Shashi Tharoor, 62-year old Indian politician, writer and a former career international diplomat needs no introduction. The former under-secretary general of United Nations is currently the MP from Thiruvananthapuram, Kerala while he is popular among the netizens for the usage of unusual and extensive English words that leaves readers scratching their heads.
In Shashi Tharoor's latest tweet posted in the wee hours of Wednesday (November 21), the social media wordsmith wonders if anyone can be a 'bibliobibuli,' that too these days? Before you search for a dictionary or get ready to google it out, we have the answer you are looking for!
The word "bibliobibuli" point at the people who reads too much. The word is a portmanteau of Greek ('biblio' meaning books) and Latin ('bibulous' from 'bibere'- meaning to drink). The word-to-word meaning can be loosely translated as being drunk on books.
The term was coined in 1957 by H. L. Mencken who said, "There are people who read too much: bibliobibuli. I know some who are constantly drunk on books, as other men are drunk on whiskey or religion. They wander through this most diverting and stimulating of worlds in a haze, seeing nothing and hearing nothing."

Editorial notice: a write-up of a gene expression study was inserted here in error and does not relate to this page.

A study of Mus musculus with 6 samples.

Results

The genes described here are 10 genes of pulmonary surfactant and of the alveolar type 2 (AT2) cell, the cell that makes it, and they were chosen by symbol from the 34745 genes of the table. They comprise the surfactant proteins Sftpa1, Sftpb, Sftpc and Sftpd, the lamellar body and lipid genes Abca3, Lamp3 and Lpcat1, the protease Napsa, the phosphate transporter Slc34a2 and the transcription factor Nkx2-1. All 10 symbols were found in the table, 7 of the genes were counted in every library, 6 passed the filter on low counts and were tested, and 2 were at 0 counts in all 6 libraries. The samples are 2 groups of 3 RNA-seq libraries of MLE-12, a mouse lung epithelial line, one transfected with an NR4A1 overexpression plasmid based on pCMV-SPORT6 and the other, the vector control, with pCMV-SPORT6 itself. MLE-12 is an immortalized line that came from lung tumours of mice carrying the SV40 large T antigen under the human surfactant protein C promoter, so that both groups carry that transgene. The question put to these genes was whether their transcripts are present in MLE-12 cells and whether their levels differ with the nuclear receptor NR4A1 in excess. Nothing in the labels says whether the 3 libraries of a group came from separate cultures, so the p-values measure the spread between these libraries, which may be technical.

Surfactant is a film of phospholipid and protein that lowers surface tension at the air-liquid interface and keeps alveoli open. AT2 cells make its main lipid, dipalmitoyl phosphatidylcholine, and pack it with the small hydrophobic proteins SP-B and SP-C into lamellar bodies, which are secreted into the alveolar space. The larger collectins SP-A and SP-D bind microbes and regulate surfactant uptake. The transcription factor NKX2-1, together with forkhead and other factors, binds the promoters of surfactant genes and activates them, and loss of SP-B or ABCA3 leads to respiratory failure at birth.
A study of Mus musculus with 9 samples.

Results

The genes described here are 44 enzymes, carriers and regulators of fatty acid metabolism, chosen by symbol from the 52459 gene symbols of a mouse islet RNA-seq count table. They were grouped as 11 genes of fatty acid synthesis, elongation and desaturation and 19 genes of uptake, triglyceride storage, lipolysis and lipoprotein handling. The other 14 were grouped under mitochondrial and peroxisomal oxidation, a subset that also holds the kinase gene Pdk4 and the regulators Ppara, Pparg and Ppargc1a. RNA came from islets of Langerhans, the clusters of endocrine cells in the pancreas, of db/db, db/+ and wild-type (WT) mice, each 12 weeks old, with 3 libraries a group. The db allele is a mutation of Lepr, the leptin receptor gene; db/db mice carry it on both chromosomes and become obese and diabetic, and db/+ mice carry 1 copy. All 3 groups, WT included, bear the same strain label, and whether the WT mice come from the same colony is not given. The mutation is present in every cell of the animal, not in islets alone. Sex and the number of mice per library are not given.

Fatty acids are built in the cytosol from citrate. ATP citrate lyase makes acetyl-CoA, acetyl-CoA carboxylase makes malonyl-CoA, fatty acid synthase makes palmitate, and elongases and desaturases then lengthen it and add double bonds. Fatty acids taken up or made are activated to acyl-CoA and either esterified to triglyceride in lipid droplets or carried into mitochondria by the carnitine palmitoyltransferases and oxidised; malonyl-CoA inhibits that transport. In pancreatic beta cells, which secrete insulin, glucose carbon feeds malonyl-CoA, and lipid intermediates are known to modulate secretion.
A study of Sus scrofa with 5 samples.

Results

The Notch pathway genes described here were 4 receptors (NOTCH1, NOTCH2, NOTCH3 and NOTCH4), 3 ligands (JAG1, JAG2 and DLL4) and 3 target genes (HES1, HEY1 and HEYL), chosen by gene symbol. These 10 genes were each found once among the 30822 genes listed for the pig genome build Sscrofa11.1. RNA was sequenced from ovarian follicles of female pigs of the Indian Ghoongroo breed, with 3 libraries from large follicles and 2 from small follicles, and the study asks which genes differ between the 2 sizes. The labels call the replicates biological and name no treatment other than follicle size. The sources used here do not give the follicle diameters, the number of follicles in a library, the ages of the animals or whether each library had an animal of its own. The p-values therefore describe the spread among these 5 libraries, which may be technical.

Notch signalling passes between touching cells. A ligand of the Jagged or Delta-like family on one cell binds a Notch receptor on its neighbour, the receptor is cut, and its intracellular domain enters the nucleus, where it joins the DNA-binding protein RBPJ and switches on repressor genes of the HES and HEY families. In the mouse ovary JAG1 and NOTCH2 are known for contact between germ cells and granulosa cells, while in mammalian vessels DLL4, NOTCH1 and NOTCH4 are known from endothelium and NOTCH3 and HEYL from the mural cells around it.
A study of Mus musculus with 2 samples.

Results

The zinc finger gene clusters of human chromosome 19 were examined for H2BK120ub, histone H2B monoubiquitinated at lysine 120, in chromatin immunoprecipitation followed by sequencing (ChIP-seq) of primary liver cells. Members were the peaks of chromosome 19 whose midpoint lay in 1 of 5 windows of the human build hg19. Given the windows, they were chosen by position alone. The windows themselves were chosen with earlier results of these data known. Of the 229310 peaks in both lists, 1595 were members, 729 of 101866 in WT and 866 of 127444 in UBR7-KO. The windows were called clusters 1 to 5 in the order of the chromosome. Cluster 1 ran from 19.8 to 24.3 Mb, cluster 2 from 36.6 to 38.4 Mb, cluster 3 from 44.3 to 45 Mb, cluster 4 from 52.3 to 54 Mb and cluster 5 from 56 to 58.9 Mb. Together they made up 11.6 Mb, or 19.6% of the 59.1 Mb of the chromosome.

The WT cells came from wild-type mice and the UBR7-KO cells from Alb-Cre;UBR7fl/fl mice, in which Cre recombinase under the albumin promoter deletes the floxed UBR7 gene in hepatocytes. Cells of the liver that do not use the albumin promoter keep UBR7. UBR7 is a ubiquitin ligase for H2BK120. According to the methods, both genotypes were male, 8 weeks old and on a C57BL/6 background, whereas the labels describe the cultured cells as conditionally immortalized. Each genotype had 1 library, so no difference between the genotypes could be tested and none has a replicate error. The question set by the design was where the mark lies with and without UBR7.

Shashi Tharoor has satirically used the word bibliobibuli this time asking, 'Can anyone (especially these days) be able to read too much?' As there is hue and cry over declining reading habit among the new generation, his latest tweet is thought-provoking.
This is just one of the latest complex words that Tharoor has used in his tweets. Last month during his new book release about PM Narendra Modi titled 'The Paradoxical Prime Minister,' he described it is 'more than just a 400-page exercise in floccinaucinihilipilification.' A Google search shows that it is a noun and means 'the action or habit of estimating something as worthless'.
For some Twitter users, the word floccinaucinihilipilification made their head spin. Tharoor soon followed it up saying those people may have hippopotomonstrosesquipedaliophobia which means the fear of long words.